Workers Bite Back at Push for Wellness Programs

     WASHINGTON (CN) — AARP claims in a federal complaint that federal regulators have abandoned their commitment to protecting workers from having to divulge sensitive medical information.
     Filed on Oct. 24 with a federal judge in Washington, the complaint takes aim at the Equal Employment Opportunity Commission, a government agency in charge of so-called wellness programs.
     With features like smoking-cessation programs and nutrition counseling, companies tout wellness programs for keeping their workforce healthy and informed.
     Employees are sometimes uneasy, however, about filling out the detailed medical questionnaires that participation in such programs requires.
     While historically voluntary, the EEOC published a set of final rules on the programs in May that allow employers to offer incentives of up to a third of the annual cost of health insurance for employees if they take part in the wellness programs.
     AARP notes that the upshot to these incentives is that now employees who opt not to participate will have their individual health insurances costs doubled or tripled.
     A nonprofit that advocates for older Americans, AARP notes that reluctance to divulge sensitive medical information to employers is not without basis.
     Indeed the federal law that bars employers from compelling employee-medical exams was borne out concern “about the potential for facilitating employment discrimination and also for giving rise to stigma that exacerbates discriminatory harm to employees with disabilities in the workplace.”
     Those prohibitions “specifically addressed the abuse of employee medical information in wellness programs, which it [Congress] thought could be used for the purpose of limiting health insurance eligibility or preventing occupational advancement and must be kept confidential,'” the complaint states.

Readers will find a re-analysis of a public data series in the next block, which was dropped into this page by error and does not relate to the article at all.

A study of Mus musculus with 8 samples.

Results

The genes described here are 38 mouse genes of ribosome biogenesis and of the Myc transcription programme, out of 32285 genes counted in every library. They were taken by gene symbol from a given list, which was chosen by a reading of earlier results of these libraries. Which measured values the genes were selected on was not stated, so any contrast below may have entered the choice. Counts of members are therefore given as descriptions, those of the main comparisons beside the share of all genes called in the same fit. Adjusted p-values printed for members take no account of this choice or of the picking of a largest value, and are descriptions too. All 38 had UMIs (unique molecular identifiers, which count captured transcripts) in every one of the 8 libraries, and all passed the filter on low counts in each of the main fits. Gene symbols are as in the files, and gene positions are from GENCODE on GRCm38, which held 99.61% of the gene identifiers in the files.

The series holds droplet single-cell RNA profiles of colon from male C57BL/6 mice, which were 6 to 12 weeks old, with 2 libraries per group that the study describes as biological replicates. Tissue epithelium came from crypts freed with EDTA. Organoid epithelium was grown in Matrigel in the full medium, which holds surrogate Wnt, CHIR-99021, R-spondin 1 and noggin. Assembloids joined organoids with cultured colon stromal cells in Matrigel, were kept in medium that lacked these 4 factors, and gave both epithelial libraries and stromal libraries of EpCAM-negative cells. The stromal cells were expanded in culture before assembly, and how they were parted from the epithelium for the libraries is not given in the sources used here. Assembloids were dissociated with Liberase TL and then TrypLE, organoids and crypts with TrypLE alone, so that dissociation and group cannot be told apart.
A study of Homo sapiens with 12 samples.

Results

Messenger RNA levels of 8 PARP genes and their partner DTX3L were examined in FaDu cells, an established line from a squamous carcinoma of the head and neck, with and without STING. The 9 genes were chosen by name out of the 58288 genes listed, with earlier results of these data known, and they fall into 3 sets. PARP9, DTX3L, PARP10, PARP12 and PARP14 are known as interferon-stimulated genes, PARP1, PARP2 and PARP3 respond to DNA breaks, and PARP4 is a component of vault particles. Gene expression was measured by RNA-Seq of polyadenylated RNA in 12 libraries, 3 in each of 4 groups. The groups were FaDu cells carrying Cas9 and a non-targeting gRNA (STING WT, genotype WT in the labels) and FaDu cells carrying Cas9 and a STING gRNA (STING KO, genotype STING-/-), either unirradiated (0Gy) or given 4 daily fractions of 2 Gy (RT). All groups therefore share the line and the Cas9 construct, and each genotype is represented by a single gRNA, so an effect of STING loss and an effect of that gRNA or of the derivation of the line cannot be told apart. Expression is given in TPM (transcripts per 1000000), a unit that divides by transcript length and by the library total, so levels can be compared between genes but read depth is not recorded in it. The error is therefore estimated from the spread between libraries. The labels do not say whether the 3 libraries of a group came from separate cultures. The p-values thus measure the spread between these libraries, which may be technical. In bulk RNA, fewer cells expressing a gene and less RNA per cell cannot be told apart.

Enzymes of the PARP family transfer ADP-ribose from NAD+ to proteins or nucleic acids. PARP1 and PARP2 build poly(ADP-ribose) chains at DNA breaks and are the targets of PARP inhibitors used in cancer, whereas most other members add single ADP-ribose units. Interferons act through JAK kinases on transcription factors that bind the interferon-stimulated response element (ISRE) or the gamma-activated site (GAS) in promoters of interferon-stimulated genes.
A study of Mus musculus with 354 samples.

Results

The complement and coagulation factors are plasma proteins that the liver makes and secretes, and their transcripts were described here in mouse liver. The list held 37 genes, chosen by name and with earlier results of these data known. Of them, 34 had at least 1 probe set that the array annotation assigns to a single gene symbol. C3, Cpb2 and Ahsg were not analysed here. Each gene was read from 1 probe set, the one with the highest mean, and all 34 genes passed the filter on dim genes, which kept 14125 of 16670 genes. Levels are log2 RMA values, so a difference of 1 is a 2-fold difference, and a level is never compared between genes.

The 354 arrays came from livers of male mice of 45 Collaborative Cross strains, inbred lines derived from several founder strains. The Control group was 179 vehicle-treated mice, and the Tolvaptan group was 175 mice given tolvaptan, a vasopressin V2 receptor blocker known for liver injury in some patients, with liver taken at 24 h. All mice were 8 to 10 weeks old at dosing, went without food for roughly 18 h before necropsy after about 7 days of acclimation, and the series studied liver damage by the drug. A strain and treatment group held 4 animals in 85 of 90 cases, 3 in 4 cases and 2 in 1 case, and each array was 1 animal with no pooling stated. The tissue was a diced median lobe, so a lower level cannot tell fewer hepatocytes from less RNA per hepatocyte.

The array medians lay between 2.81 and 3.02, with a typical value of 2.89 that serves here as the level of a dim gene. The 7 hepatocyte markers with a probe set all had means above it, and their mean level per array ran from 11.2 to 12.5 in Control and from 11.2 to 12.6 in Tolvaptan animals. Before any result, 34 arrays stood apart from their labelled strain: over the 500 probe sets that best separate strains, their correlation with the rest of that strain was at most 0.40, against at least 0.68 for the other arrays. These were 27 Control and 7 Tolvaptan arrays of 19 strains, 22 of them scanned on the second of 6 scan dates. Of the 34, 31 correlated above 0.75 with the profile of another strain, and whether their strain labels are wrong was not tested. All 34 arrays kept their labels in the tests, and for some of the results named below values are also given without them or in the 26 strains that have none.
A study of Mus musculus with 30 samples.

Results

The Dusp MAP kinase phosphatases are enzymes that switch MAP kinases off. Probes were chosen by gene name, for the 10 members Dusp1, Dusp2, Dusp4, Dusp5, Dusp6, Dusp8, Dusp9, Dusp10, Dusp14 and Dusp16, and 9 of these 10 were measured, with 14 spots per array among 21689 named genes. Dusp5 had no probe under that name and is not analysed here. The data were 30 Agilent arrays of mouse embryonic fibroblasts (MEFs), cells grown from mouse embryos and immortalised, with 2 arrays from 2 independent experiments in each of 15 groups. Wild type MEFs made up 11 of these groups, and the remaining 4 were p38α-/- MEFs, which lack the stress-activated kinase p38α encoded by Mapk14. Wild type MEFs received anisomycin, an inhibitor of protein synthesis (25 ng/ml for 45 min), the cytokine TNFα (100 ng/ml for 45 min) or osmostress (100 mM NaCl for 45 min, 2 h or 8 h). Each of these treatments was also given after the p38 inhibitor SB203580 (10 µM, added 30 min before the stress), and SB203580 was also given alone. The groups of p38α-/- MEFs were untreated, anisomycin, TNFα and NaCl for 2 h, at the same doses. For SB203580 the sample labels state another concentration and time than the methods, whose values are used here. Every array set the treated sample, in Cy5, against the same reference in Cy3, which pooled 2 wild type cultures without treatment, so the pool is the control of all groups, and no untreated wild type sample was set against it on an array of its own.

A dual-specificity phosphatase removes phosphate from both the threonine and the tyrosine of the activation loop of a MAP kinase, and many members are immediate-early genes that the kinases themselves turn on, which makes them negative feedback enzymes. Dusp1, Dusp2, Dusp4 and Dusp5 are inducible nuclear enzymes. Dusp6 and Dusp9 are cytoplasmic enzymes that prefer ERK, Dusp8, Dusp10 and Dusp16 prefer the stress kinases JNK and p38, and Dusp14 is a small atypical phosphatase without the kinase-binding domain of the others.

Claiming that the EEOC used to take these concerns seriously as well, the complaint quotes from a brief the agency filed just two years ago in a federal lawsuit against Honeywell.
     “The EEOC rightly argued in 2014 that because an employer imposed heavy penalties on employees through a coercive wellness program, employees stood to ‘lose the fundamental privilege under the ADA and GINA to keep private information private,'” the complaint states, abbreviating the Americans With Disabilities Act and the Genetic Information Nondiscrimination Act.
     A representative for the commission declined to comment on the suit.
     By changing the rules now, AARP says the government is abandoning its 15-year commitment “that employee wellness programs implicating confidential medical information are voluntary only if employers neither require participation nor penalize employees who choose to keep their medical and genetic information private.”
     AARP notes that roughly a third of its 38 million members work or are likely to be employed in the future.
     “Additionally, a disproportionate number of older workers have one or more actual ‘disabilities,’ a record thereof, and/or are perceived as having a disability, and are, therefore, protected by the ADA,” the complaint continues. “Older workers are also more likely to have the very types of ‘invisible’ disabilities — such as mental health conditions — that are likely to be revealed by medical quest.”
     AARP has typically been supportive of the EEOC’s efforts at policing wellness programs.
     As the cost of health care rises, businesses have implemented wellness programs to encourage workers to better manage chronic health conditions or take steps toward better health.
     Changes to the rules this year represent additional fallout from the new health care law, the Patient Protection and Affordable Care Act.
     Though intended to reduce overall health costs, by getting employees to use their health insurance less, AARP sees a dark side to coerced biometric testing for conditions like high blood pressure.
     “That information, once revealed, will never be confidential again,” the complaint states.
     Claiming that its members face “imminent harm flowing directly from the rules,” which are slated to take effect in 2017, the group seeks an injunction.
     AARP counsel Dara Smith has not returned an email seeking comment on the lawsuit.